Werner Herzog on Disarming Subjects, the Death Penalty and Going “Into the Abyss”

The director of the new documentary about the fallout from a horrific triple homicide discusses what interested him in the death penalty case and how he's able to interview...

IntoTheabyssWernerHerzog
Werner Herzog insists it’s purely a “statistical coincidence” that his death penalty doc “Into the Abyss” is being released after a fall in which the death penalty debate has heated up with the controversial execution of Troy Davis and the release of the West Memphis Three, thanks in large part to the efforts of filmmakers Joe Berlinger and Bruce Sinofsky’s “Paradise Lost” series.

 

“Sometimes it happens that things come together as if planned but they were not planned,” he said in a roundtable interview in the usual deliberate speech touched by wisdom and whimsy, days before the release of “Abyss,” which will serve as the bookend of sorts following his summer sensation “Cave of Forgotten Dreams.” Whereas that film was about bringing the past back to life, his latest is very much about capturing life in the moment where it’s about to become the past for Michael Perry, a convicted murderer eight days away from being administered a lethal injection.

Unlike so many films before it that have centered on the death penalty, the film isn’t told from the point of view of an activist, though Herzog is quick to mention he is not an advocate of the practice. It is, instead as I wrote in my initial review at the Toronto Film Festival, an “investigation that isn’t intended to prove guilt or innocence, but rather explore the passing down of inexplicable criminal behavior between generations” as the director visits family members of both the victims and the perpetrators in the small community of Conroe, Texas to make sense of the triple homicide Perry and Jason Burkett, who unlike Perry will serve out a life sentence, are in prison for.

 

IntoTheAbyssHerzog2“The choice for the subject was quickly established because I was so baffled by the senselessness of this crime,” Herzog says now. “It’s not a propaganda film. It’s just about a senseless crime and all its ramifications including the death of one of the perpetrators and a triple homicide, the death of three human beings and all the repercussions and all the emptiness and all the wounds that this crime left in other people.”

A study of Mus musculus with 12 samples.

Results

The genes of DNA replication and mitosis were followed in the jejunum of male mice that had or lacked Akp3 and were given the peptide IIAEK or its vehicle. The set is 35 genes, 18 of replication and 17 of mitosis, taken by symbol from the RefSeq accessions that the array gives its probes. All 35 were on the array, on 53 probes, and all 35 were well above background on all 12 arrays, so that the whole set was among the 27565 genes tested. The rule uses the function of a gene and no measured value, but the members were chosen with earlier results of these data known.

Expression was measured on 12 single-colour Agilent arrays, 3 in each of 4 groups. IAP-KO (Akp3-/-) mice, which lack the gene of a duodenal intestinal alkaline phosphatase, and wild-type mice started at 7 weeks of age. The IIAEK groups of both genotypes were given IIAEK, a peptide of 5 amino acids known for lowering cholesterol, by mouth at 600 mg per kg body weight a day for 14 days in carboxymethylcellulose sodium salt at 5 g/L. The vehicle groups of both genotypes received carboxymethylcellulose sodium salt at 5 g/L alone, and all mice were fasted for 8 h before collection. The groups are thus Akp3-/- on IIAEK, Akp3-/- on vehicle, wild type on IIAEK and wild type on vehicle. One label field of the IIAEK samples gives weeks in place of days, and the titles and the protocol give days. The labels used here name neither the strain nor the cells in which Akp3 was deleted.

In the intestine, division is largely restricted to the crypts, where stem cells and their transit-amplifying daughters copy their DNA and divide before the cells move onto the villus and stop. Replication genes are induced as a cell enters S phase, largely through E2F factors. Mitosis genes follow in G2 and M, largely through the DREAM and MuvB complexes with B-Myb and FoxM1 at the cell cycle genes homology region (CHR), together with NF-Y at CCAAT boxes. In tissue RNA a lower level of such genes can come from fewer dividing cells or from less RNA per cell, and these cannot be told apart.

Herzog had less than an hour to conduct interviews with both of the inmates and notes he didn’t spend much more time with anyone else he interviewed, though that didn’t keep him from making a connection with everyone he interviewed. He tugged at the collar of his sport jacket after saying that while he didn’t want to commiserate with Perry and Burkett, he made the rare gesture (for him) of wearing a suit as a sign of respect for them as human beings, and explained how in all of his films he’s able to disarm his subjects, even in a film such as “Abyss” where it’s under the gravest of circumstances.

 

“It’s finding the right tone,” says Herzog. “For example, [Lisa Stotler-Balloun,] the woman who lost her mother and her brother, I think she immediately felt safe with me and she felt safe to speak. But part of me is not a filmmaker anymore but just a human being opposite of her. In a way, I managed to get the deepest things, the best things out of people. That’s why I’m a filmmaker. If you don’t have it in you, you’d better do something else.”

 

"Into the Abyss" opens in New York at the IFC Center and Lincoln Plaza Cinemas and Los Angeles at the Landmark and the Arclight Hollywood on November 11th.